The Food Lab: A Mind-Blowing Technique for Cleaning Deep-Fry Oil Using Gelatin
I get emails from readers packed with fun stories, family recipes, and interesting tips, techniques, and questions all the time, but it's rare that I get one with a technique that completely blows my mind. This is one of those occasions.
Here's the short of it: You can use gelatin to filter cruddy used deep-frying oil until it is crystal clear, and the technique is easier than any other method I know, requiring no wire strainers or coffee filters or extensive clean-up. If you are impatient, you can jump straight down to the directions and get to clarifying, but read on for more details on the testing.
How Gelatin Clarification Works
The email I got suggested, in a nutshell, dissolving some powdered gelatin in boiling water, then stirring that hot water into used deep-frying oil before letting it rest overnight. As the gelatin settles and sets, it should end up trapping impurities in it, leaving clean oil behind.
Wait, what? This sounded way too good to be true.
The idea of using gelatin to clarify stock is relatively new. It first came to my attention around 2009 (I probably first read about it on Dave Arnold's Cooking Issues blog). Gelatin is a protein that forms an interconnected, weblike matrix when dissolved in water. Not only does the gelatin give the water structure (think: Jell-O), it can also suspend other dissolved and undissolved solids in its matrix.
To gelatin-clarify, you first freeze a gelatin-rich stock, then slowly let it defrost in a strainer or wrapped in cheesecloth. As it defrosts, the network of interconnected gelatin proteins traps impurities, letting a crystal-clear consommé drip out of the bottom, with no need to skim, strain, or simmer.
But using gelatin to clarify oil? Now that was something really new, and frankly, if it worked, far more useful for the average home cook, who probably has no need to make consommé but often ends up wondering, "Can I use this oil again?"
I was skeptical. Stock clarification works because gelatin dissolves readily in hot water. Would mixing gelatin-rich water with oil really filter out impurities, when the gelatin is not even technically dissolving in that oil? Only one way to find out.
The Testing: Fat Clarification Using Gelatin
I happened to have a small pot of particularly well-used oil on hand (previously used to fry a few batches of vegetable tempura, as well as some chicken-fried shrimp). I dissolved a teaspoon of gelatin in a half cup of boiling water, then dutifully stirred it vigorously into the dirty oil before transferring it all to an airtight container and setting it in the fridge to encourage the gelatin to solidify.
The next morning, I pulled out the container, poured the oil out into a small pot, and discovered this:
Holy cow, this may have really worked! I was left with a solid disk of gelatin, filled with specks of burnt flour and other assorted gunk. Everything was looking great so far. Now for the true test: Could I cook in it?
I heated up the clarified oil on the stovetop and was alarmed, as it started bubbling a little while heating—an indication that there were still at least a few microscopic droplets of water in the fat—but with a little shaking, the bubbles soon completely dissipated, and the oil continued to heat up just like any fresh oil would. Once it hit the desired temperature, I fried a few pieces of green bean tempura in it, followed by a small batch of fried chicken. Both recipes came out perfect, as if they'd been cooked in not-quite-fresh-but-still-super-clean oil (bear in mind, this oil was on its last legs before I filtered it).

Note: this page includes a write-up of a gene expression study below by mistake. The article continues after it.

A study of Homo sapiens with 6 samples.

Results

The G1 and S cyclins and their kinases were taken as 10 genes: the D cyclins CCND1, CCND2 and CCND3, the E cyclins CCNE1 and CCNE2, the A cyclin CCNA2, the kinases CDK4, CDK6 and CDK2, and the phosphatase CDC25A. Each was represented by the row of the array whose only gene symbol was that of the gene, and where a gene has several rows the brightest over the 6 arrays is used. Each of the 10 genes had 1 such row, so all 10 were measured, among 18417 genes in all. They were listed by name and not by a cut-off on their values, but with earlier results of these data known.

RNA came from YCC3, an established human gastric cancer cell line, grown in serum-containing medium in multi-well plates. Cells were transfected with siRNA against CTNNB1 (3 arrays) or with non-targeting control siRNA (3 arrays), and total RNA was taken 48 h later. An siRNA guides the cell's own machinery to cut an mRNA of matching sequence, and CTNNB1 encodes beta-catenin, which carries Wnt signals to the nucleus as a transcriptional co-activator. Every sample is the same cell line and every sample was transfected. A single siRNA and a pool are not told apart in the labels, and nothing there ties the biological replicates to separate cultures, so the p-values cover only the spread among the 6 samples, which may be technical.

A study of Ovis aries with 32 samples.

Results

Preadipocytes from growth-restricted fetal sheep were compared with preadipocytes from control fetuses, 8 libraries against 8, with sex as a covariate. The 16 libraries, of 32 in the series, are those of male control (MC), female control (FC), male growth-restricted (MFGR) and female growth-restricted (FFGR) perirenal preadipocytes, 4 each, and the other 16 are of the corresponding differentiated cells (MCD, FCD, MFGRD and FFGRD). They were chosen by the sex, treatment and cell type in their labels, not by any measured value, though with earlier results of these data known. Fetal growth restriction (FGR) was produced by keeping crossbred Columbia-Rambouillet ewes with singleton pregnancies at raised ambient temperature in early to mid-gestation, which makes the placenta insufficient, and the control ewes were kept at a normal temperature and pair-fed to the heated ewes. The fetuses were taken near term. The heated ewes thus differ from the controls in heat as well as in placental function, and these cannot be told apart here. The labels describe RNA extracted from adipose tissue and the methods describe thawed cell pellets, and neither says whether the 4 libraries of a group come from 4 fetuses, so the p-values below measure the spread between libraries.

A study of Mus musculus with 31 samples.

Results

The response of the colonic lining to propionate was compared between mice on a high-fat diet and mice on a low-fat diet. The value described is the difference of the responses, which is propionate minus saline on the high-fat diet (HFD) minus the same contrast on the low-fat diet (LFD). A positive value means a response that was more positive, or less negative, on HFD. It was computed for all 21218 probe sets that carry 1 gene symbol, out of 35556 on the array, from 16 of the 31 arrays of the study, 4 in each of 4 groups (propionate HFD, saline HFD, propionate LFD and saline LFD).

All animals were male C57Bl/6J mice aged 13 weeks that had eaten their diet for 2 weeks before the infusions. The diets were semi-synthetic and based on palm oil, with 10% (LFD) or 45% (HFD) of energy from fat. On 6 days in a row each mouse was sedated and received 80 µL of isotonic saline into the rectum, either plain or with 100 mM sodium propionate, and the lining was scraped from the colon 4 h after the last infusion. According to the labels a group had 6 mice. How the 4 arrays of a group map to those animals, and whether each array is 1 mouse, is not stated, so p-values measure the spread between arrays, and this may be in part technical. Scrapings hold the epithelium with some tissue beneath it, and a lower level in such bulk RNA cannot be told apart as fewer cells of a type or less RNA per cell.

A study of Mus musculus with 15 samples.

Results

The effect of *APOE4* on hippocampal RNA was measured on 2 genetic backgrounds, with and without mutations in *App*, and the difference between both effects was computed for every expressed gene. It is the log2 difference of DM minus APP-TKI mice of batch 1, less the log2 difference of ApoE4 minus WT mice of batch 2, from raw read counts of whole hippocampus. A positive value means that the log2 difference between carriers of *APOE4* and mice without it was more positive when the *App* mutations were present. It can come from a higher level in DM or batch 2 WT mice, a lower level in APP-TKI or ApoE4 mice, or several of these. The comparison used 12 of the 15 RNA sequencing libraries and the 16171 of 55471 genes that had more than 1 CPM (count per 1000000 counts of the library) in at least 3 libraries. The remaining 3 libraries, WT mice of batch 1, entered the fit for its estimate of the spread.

Incredible! Not only did the oil come out cleaner and more usable than it would with any other method I've ever tried, the process was also far easier. Instead of having to clean out a strainer (not a fun task), all I had to do was pop out that disk of hardened gelatin, complete with all the trapped flotsam and jetsam, and toss it in the compost.
Obviously this technique is going to have to be refined and codified for optimizing the gelatin-to-water ratio, the temperature of the water, how vigorously it's mixed into the oil, et cetera, but I'm just so darn excited about the prospects that I couldn't resist sharing it right away.
How to Gelatin-Clarify Oil
- After deep-frying, allow your cooking fat to cool to room temperature or slightly warmer.
- Measure into a small pot half a cup of water for every quart of used oil. Sprinkle it with one teaspoon of powdered gelatin per half cup of water, and let the gelatin hydrate for a few minutes.
- Bring the water to a simmer (you can do this on the stovetop or in the microwave), stirring, until the gelatin dissolves. Stirring vigorously and constantly, pour the gelatin/water mixture into the dirty oil. It should look very cloudy and relatively homogeneous at this stage. Cover the pot and place it in the refrigerator (or transfer the mixture to a separate container before refrigerating), then allow it to rest overnight.
- The next day, pour the oil from the top of the pot or container into a separate clean, dry pot. Discard the disk of gelatin that remains. The clarified oil is ready to use.
N.B.: The first time you use the clarified oil, you'll find that as it heats up, it will start to bubble a little bit. This is okay. Swirl the pan gently as it bubbles to help release any remaining droplets of water. It will eventually settle down until it's ready for frying.